In Mystic, a tourism 'star' takes turn at The Whaler's Inn
Mystic — After graduating from the University of New Hampshire with an anthropology degree and a sense of adventure, Amanda Arling launched a career in travel and hospitality.
In seven years with Backroads, an “active travel” company based in California, she spent time in Ecuador, the Galapagos Islands, Alaska and the Caribbean.
And then she arrived in Mystic, where she took a job as general manager of The Whaler’s Inn in December 2016.
It seems safe to say she’s settled in.
Certified as a “rising star” of Connecticut tourism, the 30-year-old Arling has led the Inn, the venerable downtown landmark on Mystic’s Stonington side, through a series of changes that began after its 2015 acquisition by Per Heidenreich, a Greenwich businessman with a background in shipping and philanthropy. More changes may be in store for the property, though Arling, in a recent interview, said she was not at liberty to discuss them.
Earlier this month, Arling accepted the Connecticut Office of Tourism’s 2019 Rising Star Award during a conference at the Connecticut Convention Center in Hartford.
“In the hospitality industry, you have to be passionate,” she said. “You can’t fake it.”
Her admirers say her savvy belies her youth.
“She’s so far beyond her years,” said Peggy Roberts, president of the Greater Mystic Chamber of Commerce. “As a member of our board, she was willing to co-chair the Mystic Outdoor Art Festival, which is a huge undertaking. At the Inn, the changes have been very positive, and she’s been heavily involved in that.”
Roberts described Arling as “a natural collaborator — ready to partner with everybody and get involved in everything.”
As a Backroads “trip expert,” Arling was responsible for mapping out five- to 10-day bicycling excursions. She would scope out potential sites in advance, visiting hotels, restaurants, museums and the like, and factor in travelers’ feedback. It gave her a sense of the way customers see things.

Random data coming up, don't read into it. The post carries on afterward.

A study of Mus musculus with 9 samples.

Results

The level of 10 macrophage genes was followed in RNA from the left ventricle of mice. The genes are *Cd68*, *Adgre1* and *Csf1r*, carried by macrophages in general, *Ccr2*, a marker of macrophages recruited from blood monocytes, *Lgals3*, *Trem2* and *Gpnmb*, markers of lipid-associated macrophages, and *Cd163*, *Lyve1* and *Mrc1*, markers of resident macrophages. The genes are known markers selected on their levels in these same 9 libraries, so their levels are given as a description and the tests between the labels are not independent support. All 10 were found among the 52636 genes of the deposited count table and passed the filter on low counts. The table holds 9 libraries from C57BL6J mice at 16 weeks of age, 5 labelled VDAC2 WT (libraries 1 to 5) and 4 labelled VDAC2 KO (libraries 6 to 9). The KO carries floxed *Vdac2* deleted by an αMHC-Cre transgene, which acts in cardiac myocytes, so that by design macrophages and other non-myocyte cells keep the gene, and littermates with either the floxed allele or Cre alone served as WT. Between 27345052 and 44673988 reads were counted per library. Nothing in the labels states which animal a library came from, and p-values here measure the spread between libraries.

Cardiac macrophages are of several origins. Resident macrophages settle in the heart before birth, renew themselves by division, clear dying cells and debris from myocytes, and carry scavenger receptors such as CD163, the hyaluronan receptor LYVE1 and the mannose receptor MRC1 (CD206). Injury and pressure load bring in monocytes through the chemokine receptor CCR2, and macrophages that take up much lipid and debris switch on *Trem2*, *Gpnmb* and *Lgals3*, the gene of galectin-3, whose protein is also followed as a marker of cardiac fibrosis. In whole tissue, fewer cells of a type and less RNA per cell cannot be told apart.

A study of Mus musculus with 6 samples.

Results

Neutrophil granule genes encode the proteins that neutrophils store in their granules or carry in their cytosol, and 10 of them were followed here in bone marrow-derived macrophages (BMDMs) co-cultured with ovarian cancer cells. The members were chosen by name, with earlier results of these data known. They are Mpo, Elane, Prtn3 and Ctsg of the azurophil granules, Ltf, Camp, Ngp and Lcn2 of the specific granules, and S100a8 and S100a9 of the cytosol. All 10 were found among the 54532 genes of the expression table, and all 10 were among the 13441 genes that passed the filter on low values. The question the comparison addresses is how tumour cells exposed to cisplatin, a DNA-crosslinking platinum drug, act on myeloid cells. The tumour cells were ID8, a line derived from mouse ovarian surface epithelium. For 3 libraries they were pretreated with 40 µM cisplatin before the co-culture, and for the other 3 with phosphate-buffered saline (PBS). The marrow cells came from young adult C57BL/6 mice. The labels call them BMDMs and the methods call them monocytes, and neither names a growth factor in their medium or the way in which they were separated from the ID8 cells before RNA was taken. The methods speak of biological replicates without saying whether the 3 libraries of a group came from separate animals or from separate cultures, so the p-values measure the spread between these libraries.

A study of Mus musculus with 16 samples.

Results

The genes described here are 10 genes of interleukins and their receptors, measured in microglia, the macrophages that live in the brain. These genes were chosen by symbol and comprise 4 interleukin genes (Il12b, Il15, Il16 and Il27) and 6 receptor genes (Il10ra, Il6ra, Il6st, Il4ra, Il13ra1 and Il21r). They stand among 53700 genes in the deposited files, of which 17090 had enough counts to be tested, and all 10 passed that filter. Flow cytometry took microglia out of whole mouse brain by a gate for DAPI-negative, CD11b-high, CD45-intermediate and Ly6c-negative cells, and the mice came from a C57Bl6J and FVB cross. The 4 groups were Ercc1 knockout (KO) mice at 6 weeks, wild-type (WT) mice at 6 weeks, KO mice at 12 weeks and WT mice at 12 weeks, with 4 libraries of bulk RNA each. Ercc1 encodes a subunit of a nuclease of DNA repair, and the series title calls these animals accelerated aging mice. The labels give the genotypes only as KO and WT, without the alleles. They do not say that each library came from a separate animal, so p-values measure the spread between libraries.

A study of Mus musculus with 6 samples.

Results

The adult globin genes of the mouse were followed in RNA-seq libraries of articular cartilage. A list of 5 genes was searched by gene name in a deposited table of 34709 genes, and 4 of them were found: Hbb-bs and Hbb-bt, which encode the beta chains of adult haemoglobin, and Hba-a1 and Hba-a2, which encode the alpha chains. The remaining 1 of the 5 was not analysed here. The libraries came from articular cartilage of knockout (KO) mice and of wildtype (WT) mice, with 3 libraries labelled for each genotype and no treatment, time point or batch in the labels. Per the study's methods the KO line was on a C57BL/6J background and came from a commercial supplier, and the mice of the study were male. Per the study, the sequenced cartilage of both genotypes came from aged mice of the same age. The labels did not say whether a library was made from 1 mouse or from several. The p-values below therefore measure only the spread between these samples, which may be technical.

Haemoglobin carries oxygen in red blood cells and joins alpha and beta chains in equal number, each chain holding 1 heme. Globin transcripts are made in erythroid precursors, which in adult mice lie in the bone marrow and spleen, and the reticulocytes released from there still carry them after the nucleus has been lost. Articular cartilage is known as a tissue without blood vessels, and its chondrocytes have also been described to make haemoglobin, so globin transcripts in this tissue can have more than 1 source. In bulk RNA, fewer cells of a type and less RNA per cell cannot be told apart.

“When I got to the Inn, I was able to bring some fresh insight,” she said. “I had been staying at world-class, boutique hotels every night for seven years.”
Eventually, “living out of a suitcase” got old, Arling said.
“When you’re in your 20s, you want to get away from home, carve out a new path,” she said. “But the farther away I got, the more I wanted to get home.”
A New Hampshire native, Arling said she loves the Northeast.
The Whaler’s Inn comprises a cluster of five buildings along East Main and Cottrell streets. Up until about six weeks ago, Bravo Bravo, the popular restaurant, occupied space in one of the buildings, The Main Inn, which is now undergoing renovations. Bravo Bravo has moved directly across East Main to a new location.
Mallove’s jewelry store moved from another Inn building, The Hoxie House, to a nearby site last year, making way for the Inn’s newly refurbished lobby. Its décor, indicative of the property’s clean, modern style, features artwork from such local outlets as Mystic Seaport Museum, Mystic Knotwork and Trade Winds Gallery.
“It’s so much involved in the pulse of the downtown,” Arling said of the lobby. “Somebody you know walks by or stops in for a cup of coffee. You can watch the (draw)bridge go up and boats go by.”
Another Inn building, The 1865 House, also was renovated last year. Altogether, the Inn's five buildings, including The Stonington House and The Noank House, comprise 47 guest rooms, 16 of them in The Main Inn.
Statistically, Arling said, the average guest stay at the Inn is 1.7 days. But stays of three to four days are typical, she said. The Inn employs 25 people.
Arling is quick to vouch for all that Mystic offers.
“We want people to stay at the Inn but also to enjoy everything else that’s here,” she said. “It would be shortsighted to concentrate only on the success of our own business. If we’re sold out, we’re happy to refer people to the Steamboat Inn, the Spicer Mansion or wherever. We’ve got everybody on speed dial.”